BY ALICIA DUNKLEY-WILLIS Observer senior reporter firstname.lastname@example.org
CLAYTON Hall believes that the abduction of children from school compounds is further complicated by gaps in the flow of information that have placed schools in an uncertain position at times.
"We have found that one of the major drawbacks is that it is difficult for us to determine which of these students went of their own volition or those who were lured under duress," Hall, the immediate past president of the Jamaica Teachers' Association (JTA), told the Jamaica Observer in a recent interview, noting that not all cases make headlines.
"The other challenge is that sometimes when these children return home they don't necessarily return to school at the same time, and so many times they are thought to be missing for longer than they really are," Hall pointed out.
He, however, noted that schools have been trying their best to contribute to the smooth flow of investigations.
"When parents come to report to the school that they are unable to locate the children... we ask that the schools and teachers notify the requisite persons," Hall told the Observer.
In the meantime, he said parents and guardians need to play their role in making sure that relevant information gets to key persons, including school officials.
"If a child is missing, and we are informed, we turn that matter over to the police. So under those conditions the school has no interface because it becomes a police investigation. If the parent does not inform the school when the child returns, chances are the school will not know, or if the child returns to school, sometimes the school makes the assumption the police were informed," Hall explained.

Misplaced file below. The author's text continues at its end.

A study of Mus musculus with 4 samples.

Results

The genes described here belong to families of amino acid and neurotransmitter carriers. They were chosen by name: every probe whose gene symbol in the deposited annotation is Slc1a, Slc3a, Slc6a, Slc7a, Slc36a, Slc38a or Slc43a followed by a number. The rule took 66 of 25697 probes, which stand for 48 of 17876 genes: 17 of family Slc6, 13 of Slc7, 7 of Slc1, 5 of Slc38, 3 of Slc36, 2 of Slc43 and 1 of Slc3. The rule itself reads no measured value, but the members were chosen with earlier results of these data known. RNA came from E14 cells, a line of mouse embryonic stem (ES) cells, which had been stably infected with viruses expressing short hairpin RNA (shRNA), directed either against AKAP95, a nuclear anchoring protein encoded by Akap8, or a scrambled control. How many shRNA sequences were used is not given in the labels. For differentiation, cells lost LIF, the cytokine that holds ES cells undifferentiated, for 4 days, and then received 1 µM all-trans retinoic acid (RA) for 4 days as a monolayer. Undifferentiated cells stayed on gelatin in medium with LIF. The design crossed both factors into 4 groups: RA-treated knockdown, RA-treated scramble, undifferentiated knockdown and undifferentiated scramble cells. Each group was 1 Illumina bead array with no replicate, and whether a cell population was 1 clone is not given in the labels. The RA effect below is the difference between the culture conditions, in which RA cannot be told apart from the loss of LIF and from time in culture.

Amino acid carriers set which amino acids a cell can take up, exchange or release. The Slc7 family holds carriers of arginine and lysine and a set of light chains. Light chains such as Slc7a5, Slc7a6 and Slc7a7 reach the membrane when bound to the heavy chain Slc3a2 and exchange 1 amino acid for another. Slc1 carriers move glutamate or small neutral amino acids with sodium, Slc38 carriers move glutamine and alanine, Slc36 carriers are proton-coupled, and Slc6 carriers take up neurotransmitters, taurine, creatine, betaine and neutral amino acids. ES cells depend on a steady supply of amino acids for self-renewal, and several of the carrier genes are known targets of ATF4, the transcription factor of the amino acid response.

"We also need to focus on parent education. This gap in the information flow uses the resources of the police to continue to investigate and search for a child who has already returned home, when they could be looking for another missing child," he said further.
According to data from the International Labour Organisation (ILO), there are nearly 5.5 million children worldwide who are victims of trafficking. A recent study found that from 2006-2010, 4,870 children in Jamaica were reported missing -- 70 per cent of them girls. Nearly 60 per cent did not return home. Since the start of the year, police statistics say over 1,000 children have been reported missing.
Last week, the American Federation of Teachers (AFT) and the JTA joined forces under an anti-trafficking pilot project to address the increase in instances of child trafficking in both countries.
In July this year, the Jamaica Government announced that electronic billboards with information and pictures of missing children would be placed at strategic locations across the island as part of the Ananda Alert System. These billboards should assist the public in identifying children more quickly and hopefully prompting them to call the Office of the Children's Registry or the nearest police station.
The Ananda Alert System, introduced in 2009 following the gruesome murder of 11-year-old Ananda Dean who was abducted in 2008, was designed to facilitate the speedy and safe return of children who go missing or are abducted.